LoRa Mesh Network With Off-the-Shelf Hardware

An ideal application for mesh networking is off-grid communication; when there’s no cellular reception and WiFi won’t reach, wide-area technologies like LoRa can be used to create ad hoc wireless networks. Whether you’re enjoying the outdoors with friends or conducting a rescue operation, a cheap and small gadget that will allow you to create such a network and communicate over it would be a very welcome addition to your pack.

That’s exactly the goal of the Meshtastic project, which aims to take off-the-shelf ESP32 LoRa development boards and turn them into affordable mesh network communicators. All you need to do is buy one of the supported boards, install the firmware, and starting meshing. An Android application that will allow you to use the mesh network to send basic text messages is now available as an alpha release, and eventually you’ll be able to run Signal over the LoRa link.

Navigating to another node in the network.

Developer [Kevin Hester] tells us that these are still the very early days, and there’s plenty of work yet to be done. In fact, he’s actively looking to bring a few like-minded individuals onto the project. So if you have experience with the ESP32 or mobile application development, and conducting private communications over long-range wireless networks sounds like your kind of party, this might be your lucky day.

From a user’s perspective, this project is extremely approachable. You don’t need to put any custom hardware together, outside of perhaps 3D printing a case for your particular board. The first time around you’ll need to flash the firmware with esptool.py, but after that, [Kevin] says future updates can be handled by the smartphone application.

Incidentally, the primary difference between the two boards is that the larger and more expensive one includes GPS. The mesh networking side of things will work with either board, but if everyone in your group has the GPS-equipped version, each user will be able to see the position of everyone else in the network.

This isn’t the first time we’ve seen LoRa used to establish off-grid communications, and it surely won’t be the last. The technology is perfect for getting devices talking where there isn’t any existing infrastructure, and we’re excited to see more examples of how it can be used in this capacity.

21 thoughts on “LoRa Mesh Network With Off-the-Shelf Hardware

      1. Oh yes, I’ve used aprs on previous projects and liked it. Though I think this has a lot of advantages for many users:
        * similar range
        * much longer battery life
        * no ham licence required
        * encrypted (legally)
        * _super_ cheap existing hardware: $30
        * ‘just works’ simplicity for most users
        * standardized OLED UX for things like seeing texts or navigating with GPS.

    1. Hello Kevin, I’m working with Lora on remote farms without cellular or wifi coverage. I’m interested in developing a mesh or repeater-like feature for non-line of sight esp32 nodes. Are you working on this or a similar solution?

      1. yes, this project is intended initially for the ‘hiker gps communicator’ use case. but it is also made as a generalized reusable widget for comms in any application. It will let you push in packets and (slowly) get the packets out on some other node with the “how did that happen in between” being ‘not your problem’ ;-).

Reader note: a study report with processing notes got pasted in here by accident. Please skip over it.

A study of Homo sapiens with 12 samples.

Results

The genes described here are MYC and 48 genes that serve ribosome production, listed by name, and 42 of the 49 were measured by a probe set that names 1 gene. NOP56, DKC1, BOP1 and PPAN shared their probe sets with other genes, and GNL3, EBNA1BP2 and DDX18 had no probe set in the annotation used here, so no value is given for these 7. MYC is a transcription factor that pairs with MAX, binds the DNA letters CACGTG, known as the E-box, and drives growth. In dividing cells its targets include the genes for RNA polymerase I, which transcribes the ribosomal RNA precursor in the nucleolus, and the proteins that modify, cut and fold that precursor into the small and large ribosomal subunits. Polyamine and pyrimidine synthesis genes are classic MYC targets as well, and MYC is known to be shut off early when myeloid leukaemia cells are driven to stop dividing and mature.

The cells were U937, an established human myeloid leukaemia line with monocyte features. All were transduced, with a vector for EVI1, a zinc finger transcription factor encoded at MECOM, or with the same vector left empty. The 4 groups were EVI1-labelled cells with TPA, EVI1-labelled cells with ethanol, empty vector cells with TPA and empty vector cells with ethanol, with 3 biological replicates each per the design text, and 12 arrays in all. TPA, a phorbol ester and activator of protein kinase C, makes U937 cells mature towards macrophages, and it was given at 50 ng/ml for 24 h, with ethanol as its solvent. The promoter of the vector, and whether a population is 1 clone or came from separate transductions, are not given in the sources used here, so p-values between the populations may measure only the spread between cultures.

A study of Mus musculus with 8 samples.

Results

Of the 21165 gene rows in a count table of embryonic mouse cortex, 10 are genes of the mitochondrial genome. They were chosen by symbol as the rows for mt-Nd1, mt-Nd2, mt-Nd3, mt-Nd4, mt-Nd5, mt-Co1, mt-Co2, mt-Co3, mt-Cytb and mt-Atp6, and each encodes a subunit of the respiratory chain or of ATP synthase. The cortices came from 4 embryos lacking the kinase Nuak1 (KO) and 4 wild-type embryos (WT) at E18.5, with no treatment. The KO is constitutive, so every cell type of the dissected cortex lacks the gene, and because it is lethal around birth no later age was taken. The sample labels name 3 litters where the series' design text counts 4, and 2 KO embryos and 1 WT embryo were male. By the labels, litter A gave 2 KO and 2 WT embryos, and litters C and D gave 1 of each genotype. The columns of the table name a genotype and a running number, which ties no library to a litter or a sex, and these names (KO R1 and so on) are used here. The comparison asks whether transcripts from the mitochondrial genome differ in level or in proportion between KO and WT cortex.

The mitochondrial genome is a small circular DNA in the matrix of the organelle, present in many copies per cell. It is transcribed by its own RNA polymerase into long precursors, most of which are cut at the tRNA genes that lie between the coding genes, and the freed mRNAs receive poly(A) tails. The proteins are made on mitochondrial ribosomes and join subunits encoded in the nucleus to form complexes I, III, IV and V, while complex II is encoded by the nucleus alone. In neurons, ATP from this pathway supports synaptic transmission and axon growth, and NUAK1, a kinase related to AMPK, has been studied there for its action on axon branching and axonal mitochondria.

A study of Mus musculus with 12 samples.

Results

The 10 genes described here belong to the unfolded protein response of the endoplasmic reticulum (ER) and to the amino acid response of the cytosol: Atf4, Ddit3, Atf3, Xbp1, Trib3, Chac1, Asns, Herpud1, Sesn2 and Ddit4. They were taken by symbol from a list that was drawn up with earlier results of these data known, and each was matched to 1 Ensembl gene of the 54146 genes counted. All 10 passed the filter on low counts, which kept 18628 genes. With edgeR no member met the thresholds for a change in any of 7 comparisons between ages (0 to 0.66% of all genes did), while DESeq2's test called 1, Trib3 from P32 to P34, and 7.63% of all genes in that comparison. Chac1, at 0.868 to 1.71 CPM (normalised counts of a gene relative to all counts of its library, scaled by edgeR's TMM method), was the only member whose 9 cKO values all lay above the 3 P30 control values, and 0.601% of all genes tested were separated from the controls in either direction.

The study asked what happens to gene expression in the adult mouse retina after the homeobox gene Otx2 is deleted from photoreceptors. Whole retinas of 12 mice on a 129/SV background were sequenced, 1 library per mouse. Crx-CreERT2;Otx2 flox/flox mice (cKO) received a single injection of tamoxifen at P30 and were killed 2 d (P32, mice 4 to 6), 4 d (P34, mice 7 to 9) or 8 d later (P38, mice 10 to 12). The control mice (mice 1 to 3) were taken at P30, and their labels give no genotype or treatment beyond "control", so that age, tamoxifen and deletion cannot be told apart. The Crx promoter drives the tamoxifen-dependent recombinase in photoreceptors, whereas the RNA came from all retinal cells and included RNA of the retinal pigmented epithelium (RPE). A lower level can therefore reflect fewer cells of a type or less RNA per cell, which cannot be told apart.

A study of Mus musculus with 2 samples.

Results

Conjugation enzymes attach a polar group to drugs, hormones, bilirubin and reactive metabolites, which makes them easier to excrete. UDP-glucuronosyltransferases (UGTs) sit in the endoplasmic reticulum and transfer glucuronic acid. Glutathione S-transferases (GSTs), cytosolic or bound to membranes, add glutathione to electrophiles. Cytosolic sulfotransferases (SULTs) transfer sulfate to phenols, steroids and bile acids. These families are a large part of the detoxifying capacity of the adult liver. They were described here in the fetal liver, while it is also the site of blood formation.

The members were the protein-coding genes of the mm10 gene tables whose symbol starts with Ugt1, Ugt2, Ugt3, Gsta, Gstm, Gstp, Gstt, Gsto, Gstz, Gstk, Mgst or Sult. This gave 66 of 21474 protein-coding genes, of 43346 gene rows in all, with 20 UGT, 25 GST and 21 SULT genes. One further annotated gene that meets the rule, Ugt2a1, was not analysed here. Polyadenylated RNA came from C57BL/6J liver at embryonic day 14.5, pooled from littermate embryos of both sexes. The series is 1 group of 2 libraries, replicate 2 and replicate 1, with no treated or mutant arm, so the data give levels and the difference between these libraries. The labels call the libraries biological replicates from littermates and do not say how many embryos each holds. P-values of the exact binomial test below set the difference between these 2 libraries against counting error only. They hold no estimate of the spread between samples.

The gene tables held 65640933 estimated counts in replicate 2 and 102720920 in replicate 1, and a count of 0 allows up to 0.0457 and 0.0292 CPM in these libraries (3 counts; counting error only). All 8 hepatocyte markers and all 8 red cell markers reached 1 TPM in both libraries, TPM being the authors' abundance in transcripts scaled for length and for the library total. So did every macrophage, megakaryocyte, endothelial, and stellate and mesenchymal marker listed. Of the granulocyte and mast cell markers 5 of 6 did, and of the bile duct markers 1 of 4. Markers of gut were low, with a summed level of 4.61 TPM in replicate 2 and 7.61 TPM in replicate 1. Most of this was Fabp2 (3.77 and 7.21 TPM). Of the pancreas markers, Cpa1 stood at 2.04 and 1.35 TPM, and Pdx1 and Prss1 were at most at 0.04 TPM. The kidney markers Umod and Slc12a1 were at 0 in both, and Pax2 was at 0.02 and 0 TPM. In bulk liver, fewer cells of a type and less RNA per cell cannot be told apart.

Of course _some_ amount of line of sight is needed to get sizable range, but it could be through a series of nodes.

        The idea would be to either put your code into the same ESP32 device with the existing network glue, or talk to the ESP32 from your device over bluetooth or serial. That’s actually how the current android app does its thing.

    2. Dear sir. First of all thank you for giving me this opportunity to speak

      Well I am Vishal Meshram. And had developed a weather monitoring system capable of transmitting the data from Approx 2 Km.
      The size of my system is is just a size of match box.
      Which can be carried out to remote places through drones or any carrier.
      I would be honored if by any means my idea or my work could be of some help to you.

      I am also looking to develop a system where multiple transmitters can transmit the data simultaneously and must be received at a single point .
      Therefore I will be needing your help ….

      So let’s work together…….
      And give something better to the society.

      God bless…..

    3. To Mr. Kevin,
      I hope this message finds you well. I am intrigued and interested in your project. During my bachelor’s project, I implemented a mesh network of Lora modules for long range irrigation system that do not have cellular coverage as well as a server host on the mother communication Lora esp32 board that is connected with a proxy to be accessed with a dual authentication system to check on the crops and send commands (sending and receiving).

      I would love to work with you on any project related to mesh networking or/and Lora.
      If you are interested, send me an email on abdullah17khaled@gmail.com

      Hope you have a good day.
      thank you

  1. This is cool. I’ll contact you tomorrow after work to see if my skill set would be of any assistance. Used to work in electronics manufacturing as a prototyper and coder/debugger. Been really into overclocking again, and I’m honestly bored with it at this point… Sounds fun!

    1. Could be an application for a super-low bitrate codec such as Codec2 at 700bps. You’d still need to tackle CPU time needed to encode/decode samples, and maybe make it not-quite-realtime so if radio’s bitrate drops below 700bps (due to channel congestion, interference, etc.), you’d buffer the clip and play it back once it all arrives.